In the period of the democratic movement (1936-1939), the Communist Party of Indochina published a wide range of books and newspapers for revolutionary propaganda purposes. Newspapers of the Party, of the Democratic Front and other unions, were established in almost all provinces to propagate Marxism-Leninism and develop people’s understanding of the revolution. The Vietnam National Museum of History preserves over than 20 revolutionary newspapers from this period, of which selected newspapers are on display, including:
Newspaper “Dân Chúng” (“The People”), Central Committee of the Communist Party of Indochina, number 41, dated 3 January 1939.
The newspaper was established by the Party’s General Secretary Nguyen Van Cu. The Editorial office was at 51E Colonel Grimauld Street (now Pham Ngu Lao Street, Ho Chi Minh City) for the numbers from 1 to 33; at 43 Hamelin Street (now Le Thi Hong Gam street, Ho Chi Minh City) for the numbers from 34 to 43. The printing houses include Sati, Bao ton, and Xua nay.
The newspaper “Le Travail”, a weekly Hanoi newspaper on politics and economics published every Wednesday in French, number 6, 21 October 1936
The “News”, Weekly newspaper, official organ of the Indochinese Democratic Front, number 36, 24 September 1938.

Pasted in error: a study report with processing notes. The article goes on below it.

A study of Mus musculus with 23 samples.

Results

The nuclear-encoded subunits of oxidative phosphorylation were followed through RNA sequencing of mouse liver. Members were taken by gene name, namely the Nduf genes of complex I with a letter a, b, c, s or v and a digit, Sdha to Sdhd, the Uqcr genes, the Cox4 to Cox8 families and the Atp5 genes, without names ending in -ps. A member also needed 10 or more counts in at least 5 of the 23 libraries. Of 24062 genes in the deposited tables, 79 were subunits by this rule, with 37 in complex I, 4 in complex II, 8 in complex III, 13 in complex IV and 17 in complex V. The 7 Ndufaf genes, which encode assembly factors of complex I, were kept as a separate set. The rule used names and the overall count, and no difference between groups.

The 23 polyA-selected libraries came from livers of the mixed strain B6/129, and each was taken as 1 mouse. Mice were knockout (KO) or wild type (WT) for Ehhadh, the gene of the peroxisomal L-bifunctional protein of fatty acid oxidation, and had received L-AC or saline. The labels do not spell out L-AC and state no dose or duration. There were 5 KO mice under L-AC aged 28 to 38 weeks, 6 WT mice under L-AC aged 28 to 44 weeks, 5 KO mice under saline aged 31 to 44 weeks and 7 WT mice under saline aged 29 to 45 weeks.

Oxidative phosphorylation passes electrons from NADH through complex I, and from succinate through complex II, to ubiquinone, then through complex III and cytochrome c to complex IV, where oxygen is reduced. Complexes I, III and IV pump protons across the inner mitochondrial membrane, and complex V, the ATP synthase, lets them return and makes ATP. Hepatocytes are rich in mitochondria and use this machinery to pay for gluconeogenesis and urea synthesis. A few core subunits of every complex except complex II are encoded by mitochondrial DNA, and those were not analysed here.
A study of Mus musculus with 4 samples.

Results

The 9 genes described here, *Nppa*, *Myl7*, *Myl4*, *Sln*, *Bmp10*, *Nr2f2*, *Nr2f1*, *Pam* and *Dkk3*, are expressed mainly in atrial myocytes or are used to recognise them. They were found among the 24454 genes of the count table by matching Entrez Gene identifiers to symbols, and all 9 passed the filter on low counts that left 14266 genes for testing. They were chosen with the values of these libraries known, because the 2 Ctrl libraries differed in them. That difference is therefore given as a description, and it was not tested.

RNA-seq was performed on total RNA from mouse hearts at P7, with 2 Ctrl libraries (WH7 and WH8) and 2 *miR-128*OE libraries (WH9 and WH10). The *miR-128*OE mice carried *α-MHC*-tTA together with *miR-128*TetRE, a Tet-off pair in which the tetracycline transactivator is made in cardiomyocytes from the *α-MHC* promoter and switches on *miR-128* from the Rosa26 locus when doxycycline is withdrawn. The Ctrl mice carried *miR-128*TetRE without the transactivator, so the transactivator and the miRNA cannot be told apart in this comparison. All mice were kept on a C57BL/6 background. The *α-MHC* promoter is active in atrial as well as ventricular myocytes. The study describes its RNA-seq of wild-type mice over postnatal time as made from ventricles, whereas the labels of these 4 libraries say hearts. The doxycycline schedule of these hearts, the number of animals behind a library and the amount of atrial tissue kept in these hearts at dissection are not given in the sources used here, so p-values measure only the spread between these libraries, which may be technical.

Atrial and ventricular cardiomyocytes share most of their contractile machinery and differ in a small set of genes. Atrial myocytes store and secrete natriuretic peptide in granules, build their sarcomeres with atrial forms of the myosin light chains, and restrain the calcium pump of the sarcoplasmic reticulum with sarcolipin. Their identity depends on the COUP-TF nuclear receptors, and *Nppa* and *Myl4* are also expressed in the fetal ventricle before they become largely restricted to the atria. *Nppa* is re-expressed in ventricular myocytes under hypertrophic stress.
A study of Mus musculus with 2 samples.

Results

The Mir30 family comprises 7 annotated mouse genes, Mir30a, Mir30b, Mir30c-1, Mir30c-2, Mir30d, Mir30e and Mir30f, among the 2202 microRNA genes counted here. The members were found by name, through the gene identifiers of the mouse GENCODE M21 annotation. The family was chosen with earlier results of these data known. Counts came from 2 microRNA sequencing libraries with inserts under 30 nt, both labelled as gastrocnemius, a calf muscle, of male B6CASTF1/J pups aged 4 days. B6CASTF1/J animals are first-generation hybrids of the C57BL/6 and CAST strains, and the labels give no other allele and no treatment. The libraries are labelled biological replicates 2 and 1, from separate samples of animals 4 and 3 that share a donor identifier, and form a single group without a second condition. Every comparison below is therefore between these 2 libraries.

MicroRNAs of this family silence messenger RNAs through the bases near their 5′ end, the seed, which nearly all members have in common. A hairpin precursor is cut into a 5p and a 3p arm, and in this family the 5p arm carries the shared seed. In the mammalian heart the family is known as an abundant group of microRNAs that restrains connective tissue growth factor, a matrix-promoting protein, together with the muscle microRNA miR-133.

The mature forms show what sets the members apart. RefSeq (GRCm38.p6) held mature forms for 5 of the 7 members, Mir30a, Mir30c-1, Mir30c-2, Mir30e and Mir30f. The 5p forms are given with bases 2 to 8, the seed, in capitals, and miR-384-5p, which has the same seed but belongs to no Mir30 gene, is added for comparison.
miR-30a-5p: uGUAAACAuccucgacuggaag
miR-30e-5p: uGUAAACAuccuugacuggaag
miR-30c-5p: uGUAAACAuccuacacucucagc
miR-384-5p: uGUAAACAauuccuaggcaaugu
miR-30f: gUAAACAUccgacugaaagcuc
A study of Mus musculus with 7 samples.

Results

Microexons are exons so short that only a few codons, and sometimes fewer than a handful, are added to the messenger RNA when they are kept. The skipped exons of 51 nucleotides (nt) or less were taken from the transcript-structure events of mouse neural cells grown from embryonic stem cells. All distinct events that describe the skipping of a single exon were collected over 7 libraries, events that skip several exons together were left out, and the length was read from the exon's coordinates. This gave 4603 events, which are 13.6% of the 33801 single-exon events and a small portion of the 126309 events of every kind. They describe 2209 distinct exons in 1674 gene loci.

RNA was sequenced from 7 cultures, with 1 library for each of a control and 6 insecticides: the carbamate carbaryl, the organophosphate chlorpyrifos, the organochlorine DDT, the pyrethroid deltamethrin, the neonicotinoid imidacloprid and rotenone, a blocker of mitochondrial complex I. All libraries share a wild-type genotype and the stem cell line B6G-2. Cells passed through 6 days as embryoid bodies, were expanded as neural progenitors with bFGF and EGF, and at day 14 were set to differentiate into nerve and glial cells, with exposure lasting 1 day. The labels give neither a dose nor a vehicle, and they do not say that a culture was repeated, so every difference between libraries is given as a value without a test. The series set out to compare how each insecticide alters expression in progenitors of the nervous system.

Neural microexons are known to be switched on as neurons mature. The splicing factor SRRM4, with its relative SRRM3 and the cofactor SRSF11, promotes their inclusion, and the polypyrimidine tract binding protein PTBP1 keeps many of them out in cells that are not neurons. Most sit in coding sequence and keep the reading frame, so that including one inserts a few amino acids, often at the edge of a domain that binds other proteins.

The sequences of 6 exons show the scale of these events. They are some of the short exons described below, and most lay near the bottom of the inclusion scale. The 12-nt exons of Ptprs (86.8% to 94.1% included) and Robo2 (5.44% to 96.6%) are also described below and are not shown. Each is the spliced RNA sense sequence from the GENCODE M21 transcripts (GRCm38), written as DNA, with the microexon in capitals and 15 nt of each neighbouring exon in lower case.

The “Labour”, a news sheet defending the rights of the working class, number 20, 14 July 1939.
Headquarters of “The News”, official organ of the Indochinese Democratic Front at 105 Henri d’Orléan Street, Hanoi, 1938 (now Phung Hung street).
The newspaper “Independent Vietnam”, official organ of the Viet Minh organization, established in Cao Bang province by Nguyen Ai Quoc (our Leader Ho Chi Minh), number 1 (101), 1 August 1941.
From number 1 (101) to number 28 (128), the newspaper served as the main propaganda outlet of the Viet Minh in Cao Bang province; from number 29 (129) to 86 (186), it was the key communication tool of the interprovincial Viet Minh committee of Cao Bang–Bac Can; from number 87 (187) to 126 (226), it was the press outlet of the interprovincial committee of Cao-Bac-Lang (Cao Bang – Bac Can – Lang Son). After the August Revolution in 1945, “Independent Vietnam” was published without interruption. Nguyen Ai Quoc established and directly managed the newspaper from number 1 (101) on 1 August 1941 until his departure for China in 1942. Later, the newspaper was under the direction of Mr. Pham Van Dong. The newspaper was litho-printed, and each number had two pages. Up to 16 December 1945, 135 numbers were printed of which 127 numbers of the newspaper and 3 illustration versions published in May, June and July 1945 are now part of the Vietnam National Museum of History’s collection.